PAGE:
Clued up! Online skills for the 21st Century student


The middle section of each page introduces the topic and contains videos and slideshows, both from our students here at London Met and from around the web, designed to get you thinking...

In the right-hand column you'll find Practical Steps you can take and further reading and advice which you might find useful in Read more about it.

Learn more:
The eight links above cover all the aspects of this website. Please bookmark and revisit the site, as we are constantly adding new materials and information.


You’ve probably heard of 'the 3Rs' and the idea of literacy – the importance of reading, writing and arithmetic, the basic skills which make a person literate. Well now there’s a new kid on the block – digital literacy. In fact, it makes more sense to talk about digital literacies (plural) as what is being described is a whole set of skills and abilities needed for someone to flourish in today’s technology rich environment.

What are these digital literacies? The graphic below gives you some idea of the scope of digital literacies. It's not just about knowing what button to click or how to upload a photograph to Instagram or a video to Youtube.

Digital Literacy components

Image from FutureLab report into Digital Literacy in schools

Look at the different circles in the image - how does what you do online and with your devices help you in these domains? Think about the subject area you study in – what digital and technical abilities are important?

WHAT DO YOU THINK?


(Click on the image below to be redirected to website)

Lindsay Blackwell

Of course, you don't have to be a social media guru to think about the kind of skills and digital literacies which you can develop to enhance your career prospects and keep ahead of the competition.


As the concept of digital literacies becomes more widespread, the variety of different definitions given to the term seems to increase. Josie Fraser, a social and educational technologist at Leicester City Council offers one useful definition.

Digital Literacy = Digital Tool knowledge + Critical Thinking + Social engagement

Another, perhaps more commonly quoted definition is offered by JISC (Joint Information Systems Committee).

Digital Literacy = "those capabilities which fit an individual for living, learning and working in a digital society."

However we define it, what is not in doubt is that, as a student, becoming more digitally literate is a vital aspect of your life as a student, both to enhance the way you learn and study and to improve your graduate attributes and make you more likely to get a better job at the end of your degree.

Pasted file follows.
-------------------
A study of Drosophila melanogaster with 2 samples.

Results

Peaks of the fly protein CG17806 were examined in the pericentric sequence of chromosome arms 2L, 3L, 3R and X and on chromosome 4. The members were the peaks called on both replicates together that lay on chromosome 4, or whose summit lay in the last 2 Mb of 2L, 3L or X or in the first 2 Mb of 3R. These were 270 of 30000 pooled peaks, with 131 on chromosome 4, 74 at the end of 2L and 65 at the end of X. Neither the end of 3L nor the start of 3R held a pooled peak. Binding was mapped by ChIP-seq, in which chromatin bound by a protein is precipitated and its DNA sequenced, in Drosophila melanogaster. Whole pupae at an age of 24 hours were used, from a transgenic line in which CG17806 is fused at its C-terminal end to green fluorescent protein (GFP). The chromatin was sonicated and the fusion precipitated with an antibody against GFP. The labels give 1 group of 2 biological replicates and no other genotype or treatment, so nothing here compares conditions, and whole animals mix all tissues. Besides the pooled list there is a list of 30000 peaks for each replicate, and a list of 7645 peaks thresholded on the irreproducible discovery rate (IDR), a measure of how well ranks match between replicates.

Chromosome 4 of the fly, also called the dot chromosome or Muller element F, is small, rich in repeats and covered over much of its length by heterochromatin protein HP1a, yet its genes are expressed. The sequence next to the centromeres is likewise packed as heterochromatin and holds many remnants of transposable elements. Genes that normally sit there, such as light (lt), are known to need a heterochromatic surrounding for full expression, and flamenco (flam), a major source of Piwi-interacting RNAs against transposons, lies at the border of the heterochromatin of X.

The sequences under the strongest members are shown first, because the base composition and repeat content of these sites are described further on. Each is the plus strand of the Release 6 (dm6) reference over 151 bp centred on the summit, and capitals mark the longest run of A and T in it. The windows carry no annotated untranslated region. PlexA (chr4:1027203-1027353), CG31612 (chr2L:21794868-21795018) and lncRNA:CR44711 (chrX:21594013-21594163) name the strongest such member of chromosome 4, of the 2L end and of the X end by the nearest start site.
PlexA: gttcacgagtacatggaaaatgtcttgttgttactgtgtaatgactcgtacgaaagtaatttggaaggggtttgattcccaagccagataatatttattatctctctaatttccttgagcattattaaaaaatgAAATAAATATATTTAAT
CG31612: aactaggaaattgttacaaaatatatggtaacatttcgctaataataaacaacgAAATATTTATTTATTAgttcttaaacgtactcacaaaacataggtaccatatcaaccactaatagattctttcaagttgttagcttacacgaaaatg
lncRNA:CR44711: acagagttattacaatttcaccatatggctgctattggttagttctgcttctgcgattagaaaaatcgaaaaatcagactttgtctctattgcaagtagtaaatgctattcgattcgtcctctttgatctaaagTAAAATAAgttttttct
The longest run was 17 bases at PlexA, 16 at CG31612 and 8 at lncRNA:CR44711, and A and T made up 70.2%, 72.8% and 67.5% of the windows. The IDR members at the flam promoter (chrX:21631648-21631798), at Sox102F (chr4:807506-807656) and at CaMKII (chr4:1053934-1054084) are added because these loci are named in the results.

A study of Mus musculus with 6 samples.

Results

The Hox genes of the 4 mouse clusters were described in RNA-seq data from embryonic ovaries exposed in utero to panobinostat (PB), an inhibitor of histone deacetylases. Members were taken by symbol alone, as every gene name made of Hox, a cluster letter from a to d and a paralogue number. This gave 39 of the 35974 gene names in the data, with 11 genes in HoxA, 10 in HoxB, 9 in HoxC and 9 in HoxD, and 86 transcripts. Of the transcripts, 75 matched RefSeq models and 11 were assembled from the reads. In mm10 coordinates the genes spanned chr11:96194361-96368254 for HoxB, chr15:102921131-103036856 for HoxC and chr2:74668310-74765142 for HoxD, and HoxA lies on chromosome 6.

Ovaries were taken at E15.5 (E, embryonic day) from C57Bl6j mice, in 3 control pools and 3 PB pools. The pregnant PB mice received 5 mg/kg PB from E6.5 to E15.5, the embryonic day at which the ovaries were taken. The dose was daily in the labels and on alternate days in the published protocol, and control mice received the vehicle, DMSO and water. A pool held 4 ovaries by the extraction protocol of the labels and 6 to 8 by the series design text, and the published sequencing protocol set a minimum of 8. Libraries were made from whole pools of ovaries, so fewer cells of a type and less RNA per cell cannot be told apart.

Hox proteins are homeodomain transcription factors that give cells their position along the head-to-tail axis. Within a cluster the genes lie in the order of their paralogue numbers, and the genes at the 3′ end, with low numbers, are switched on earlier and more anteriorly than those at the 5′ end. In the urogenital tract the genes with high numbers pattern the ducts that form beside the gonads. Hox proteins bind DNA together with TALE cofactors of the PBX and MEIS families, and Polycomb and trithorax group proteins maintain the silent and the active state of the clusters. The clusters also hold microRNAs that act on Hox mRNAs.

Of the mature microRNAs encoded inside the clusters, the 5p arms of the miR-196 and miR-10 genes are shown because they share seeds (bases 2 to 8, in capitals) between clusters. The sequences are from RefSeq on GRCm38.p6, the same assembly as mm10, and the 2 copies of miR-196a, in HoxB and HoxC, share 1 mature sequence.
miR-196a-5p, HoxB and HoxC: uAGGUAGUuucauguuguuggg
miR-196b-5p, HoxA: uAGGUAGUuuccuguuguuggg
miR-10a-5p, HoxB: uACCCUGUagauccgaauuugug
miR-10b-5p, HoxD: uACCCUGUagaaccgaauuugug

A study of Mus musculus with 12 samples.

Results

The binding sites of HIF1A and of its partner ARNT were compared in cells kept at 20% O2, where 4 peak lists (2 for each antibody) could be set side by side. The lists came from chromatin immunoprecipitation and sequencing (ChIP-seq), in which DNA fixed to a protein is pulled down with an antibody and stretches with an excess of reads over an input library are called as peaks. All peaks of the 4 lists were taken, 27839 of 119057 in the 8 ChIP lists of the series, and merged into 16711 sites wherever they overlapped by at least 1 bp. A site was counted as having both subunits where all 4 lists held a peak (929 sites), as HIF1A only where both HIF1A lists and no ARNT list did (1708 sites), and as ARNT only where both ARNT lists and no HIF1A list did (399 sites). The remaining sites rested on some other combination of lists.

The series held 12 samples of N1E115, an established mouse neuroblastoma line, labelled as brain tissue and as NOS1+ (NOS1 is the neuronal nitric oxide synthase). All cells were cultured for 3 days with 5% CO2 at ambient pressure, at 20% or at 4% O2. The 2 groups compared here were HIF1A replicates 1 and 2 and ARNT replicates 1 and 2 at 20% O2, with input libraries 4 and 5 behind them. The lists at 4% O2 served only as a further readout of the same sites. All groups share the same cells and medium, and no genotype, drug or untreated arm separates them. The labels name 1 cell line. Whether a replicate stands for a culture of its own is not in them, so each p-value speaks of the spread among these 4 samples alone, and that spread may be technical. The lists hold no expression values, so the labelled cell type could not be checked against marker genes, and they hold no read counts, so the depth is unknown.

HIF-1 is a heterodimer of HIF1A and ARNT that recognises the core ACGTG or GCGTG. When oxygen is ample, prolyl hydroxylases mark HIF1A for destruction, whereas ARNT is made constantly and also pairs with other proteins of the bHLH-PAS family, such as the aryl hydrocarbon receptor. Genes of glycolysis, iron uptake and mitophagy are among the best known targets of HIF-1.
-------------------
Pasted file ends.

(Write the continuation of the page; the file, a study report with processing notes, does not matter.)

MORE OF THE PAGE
Practical Steps you can take

· To help you think about your own digital literacy, try a Self-Evaluation checklist such as this one from the Open University.

· Speak to other students and your lecturers and tutors to learn more about the kind of digital literacies which are most important in your subject area.

· Look for free tutorials or courses online to help you enhance your skills. For example: The library at Leeds University has created a really useful set of resources called Learning in a Digital Age aimed at helping students to develop their digital literacies. Being Digital is a useful looking new resource from the Open University.

· If you’re a London Met student, become a Digital Ambassador.
By becoming a Digital Ambassador you can learn more about digital literacy, get support to develop your own knowledge of digital tools and practices and develop professionally by taking part in designing resources and workshops and helping to spread good practice among students and staff at the university.


An article from the Guardian technology section which looks at the changing nature of being a student in a digital age.

If you're interested in the theoretical side of Digital Literacies, try this Ted talk from Doug Belshaw.

Watch Dr. Tony Wagner (Co-Director of Harvard's Change Leadership group) talk about the 7 skills students need for their future. Although it's not exclusively about digital literacy, many of the skills he describes are closely linked with our digital lives. An interesting talk.


Try to become more aware of your own strengths and weaknesses in digital literacy. Looking at the graphic above, try to evaluate how what you do online, on your mobile, tablet, laptop, how you use social media and use various communication tools contributes to your personal and professional development.